A new study has provided a new twist on the connection between sexual orientation and right or left-handedness, claiming that gay or bisexual men have an elevated incidence of extreme right-handedness.
The finding contradicts earlier studies that had shown that gay men (and lesbians) were 39 percent more likely than heterosexuals to be left-handed.
The new study, conducted by Anthony F. Bogaert of Brock University in St. Catharines Ontario, reviewed 538 gay or bisexual men and 373 heterosexual men.
Bogaert asked about the sexual attractions and behaviour of all the men. They were questioned about their right or left hand usage for 10 physical activities. They also were asked if they had biological brothers.
The analysis of the study found that most of the men were right-handed. However, the gay and bisexual men had a higher likelihood of both left-handedness and extreme right-handedness when compared to the heterosexual men.
'The number of older brothers increased the likelihood of being gay or bisexual in moderate right-handers only,' Bogaert said. 'In both non-right-handers and in extreme right-handers, older brothers either did not increase or lowered the likelihood of being gay or bisexual,' he said.
'If elevated extreme right-handedness is an indication of early neurodevelopmental anomalies, then an elevation of this handedness pattern in gay or bisexual men gives additional evidence that one route to same-sex attraction is through early developmental stressors (during pregnancy) or through a factor correlated with such stressors,' he added.
The results of the study also indicated that the number of 'older brothers moderates the relationship between handedness and sexual orientation'. That is, the extreme right-handedness finding is only seen in men with no or few older brothers. 'These new research findings add further weight to the idea that biological factors play a significant role in the development of sexual orientation,' said Robert-Jay Green, Executive Director of the Rockway Institute, a national centre for lesbian, gay, bisexual, and transgender research and public policy at Alliant International University.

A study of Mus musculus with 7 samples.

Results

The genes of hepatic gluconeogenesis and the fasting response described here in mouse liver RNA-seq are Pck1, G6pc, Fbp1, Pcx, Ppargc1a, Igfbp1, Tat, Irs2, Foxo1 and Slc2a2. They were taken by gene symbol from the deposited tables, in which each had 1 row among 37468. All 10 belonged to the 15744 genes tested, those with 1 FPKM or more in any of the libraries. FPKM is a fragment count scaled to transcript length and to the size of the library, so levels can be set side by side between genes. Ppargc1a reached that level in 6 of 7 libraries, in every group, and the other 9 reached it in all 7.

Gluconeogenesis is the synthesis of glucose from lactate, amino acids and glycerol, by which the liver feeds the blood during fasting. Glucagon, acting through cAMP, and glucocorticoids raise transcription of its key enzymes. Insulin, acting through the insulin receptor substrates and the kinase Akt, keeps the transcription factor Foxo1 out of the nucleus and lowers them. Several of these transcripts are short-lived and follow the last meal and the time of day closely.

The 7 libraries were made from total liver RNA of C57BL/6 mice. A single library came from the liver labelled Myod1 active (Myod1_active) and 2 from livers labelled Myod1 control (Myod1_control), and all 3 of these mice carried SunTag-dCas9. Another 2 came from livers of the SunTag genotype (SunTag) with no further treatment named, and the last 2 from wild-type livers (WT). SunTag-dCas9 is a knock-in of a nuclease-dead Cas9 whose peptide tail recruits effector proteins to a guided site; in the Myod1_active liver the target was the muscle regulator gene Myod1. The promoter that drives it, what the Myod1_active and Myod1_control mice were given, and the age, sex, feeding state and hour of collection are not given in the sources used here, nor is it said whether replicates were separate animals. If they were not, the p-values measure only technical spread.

However, Bogaert said, 'a genetic explanation can also be forwarded.' Bogaert contemplated that genes have been linked to both handedness and sexual orientation. Specific genes have been linked to handedness and immune system functioning, but this relationship has not been sufficiently researched. Immune reactions are suspected in the male birth order findings.
'In conclusion, the main findings—evidence of extreme right-handedness in gay men, along with the moderating effect of older brothers at both ends of the handedness continuum—potentially move forward two important research programs (on handedness and birth order) related to men's sexual-orientation development'.
'The results of this research suggest there is a biological predisposition to homosexuality among a significant number of gay/bisexual men,' said Green. 'What we don't know yet is how strong or widespread such biological predisposition is or whether it is a result of genes, maternal hormones during pregnancy, or maternal immune system functioning during conception,' Green added.
The study is published in the journal Neuropsychology.